As such, there is a growing debate within Africa over the extent to which countries should exploit these reserves. This has been catalysed by suggestions of support from US and European investors, keen to source new supplies in the light of Russia’s war on Ukraine and the collapse of traditional supplies. Governments including those of Poland and Germany have visited African states to negotiate deals. 

At COP27, a technical committee of the African Union is pushing the launch of an “African Common Position on Energy Access and Transition”. The position states that “oil and coal will continue to play crucial role” in the continent’s energy mix in the short- and medium-term, and that fossil gas will feature for the long-term as well.

The committee argues that this is a solution to African’s energy access challenges. More than 600 million people across the continent still have no access to electricity, while more than 80% of the sub-Saharan African population lack clean cooking technologies. 

Who benefits?

However, the history of extractive industries across the continent suggests it is not Africans who benefit. The vast majority of investment is absorbed by infrastructure aimed at export rather than power for African communities.

Companies in Africa control just 33% of the continent’s projected oil and gas production. The majority is controlled by companies from developed countries, with TotalEnergies, Eni, ExxonMobil and BP accounting for a third.

Most African fossil fuel producing countries have not seen accelerated development from their resources. Fossil fuel pricing is largely decided by global markets, leaving it out of reach for the majority of people on the continent. Nigeria is a prime example – it is a major producer of both oil and gas, yet has the world’s highest energy deficit. 

Extraction hands obscene profits for transnational corporations and national governments. Meanwhile, the costs are levied on communities and the environment – pollution from oil spills and gas flares has dragged life expectancy down to just 41 years in the Niger Delta.

In addition, African countries with fossil fuel reserves risk stranded assets by the mid-2030s. Their export markets are already pivoting to renewables, and Brussels’ RePowerEU plans will see gas consumption cut 50% by 2030. Germany is targeting 80% renewable power by 2030, and a net zero power sector by 2035.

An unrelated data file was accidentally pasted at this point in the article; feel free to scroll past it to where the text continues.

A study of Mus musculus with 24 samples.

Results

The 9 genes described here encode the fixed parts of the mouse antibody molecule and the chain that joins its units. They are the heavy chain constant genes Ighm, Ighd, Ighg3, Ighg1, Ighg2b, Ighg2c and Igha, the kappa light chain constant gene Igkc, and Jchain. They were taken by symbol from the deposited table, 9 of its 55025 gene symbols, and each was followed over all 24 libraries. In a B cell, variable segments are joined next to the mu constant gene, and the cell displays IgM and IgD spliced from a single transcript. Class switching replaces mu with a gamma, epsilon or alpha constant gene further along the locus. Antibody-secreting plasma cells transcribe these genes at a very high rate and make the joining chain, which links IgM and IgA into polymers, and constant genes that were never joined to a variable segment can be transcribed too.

Redouble on renewables

Africa can still develop energy for the masses if it resists the temptation of gas investment from the west. There is 59,000 GW of untapped wind potential in Africa – enough to power the continent’s energy demand 250 times over. 

The continent is home to 60% of the world’s best solar resources, but currently holds only 1% of solar PV capacity, according to the International Energy Agency. However, there is a lack of investment in clean energy in Africa – a legitimate source of anger among African nations, who compare the paltry levels spent so far with Europe’s huge spend on Covid vaccines through 2020-2022, and vast sums in military aid handed to Ukraine.

The IEA estimates that Africa’s clean energy transition needs at least a doubling of investment this decade, while Friends of the Earth Africa has calculated that $130bn each year will be required for Africa to achieve 100% renewable energy for all by 2050. Instead of negotiating with western leaders to supplement their gas shortage, African leaders should be bargaining hard to unlock flows of renewable energy investments. 

Investment in renewables brings more than double the jobs of that in fossil fuels, and would provide energy for Africans rather than exporting it to industrialised nations. Africa could lead the world in sustainable energy, and develop energy sovereignty and security for its peoples. 

African leaders should resist the West’s dash for fossil gas, and instead push for significant and non-debt creating climate finance to escape the cycle of debt traps and inequality extractivism has previously bought their nations. COP27 is a pivotal moment that should not be used to lock Africa into a bleak fossil fuel future.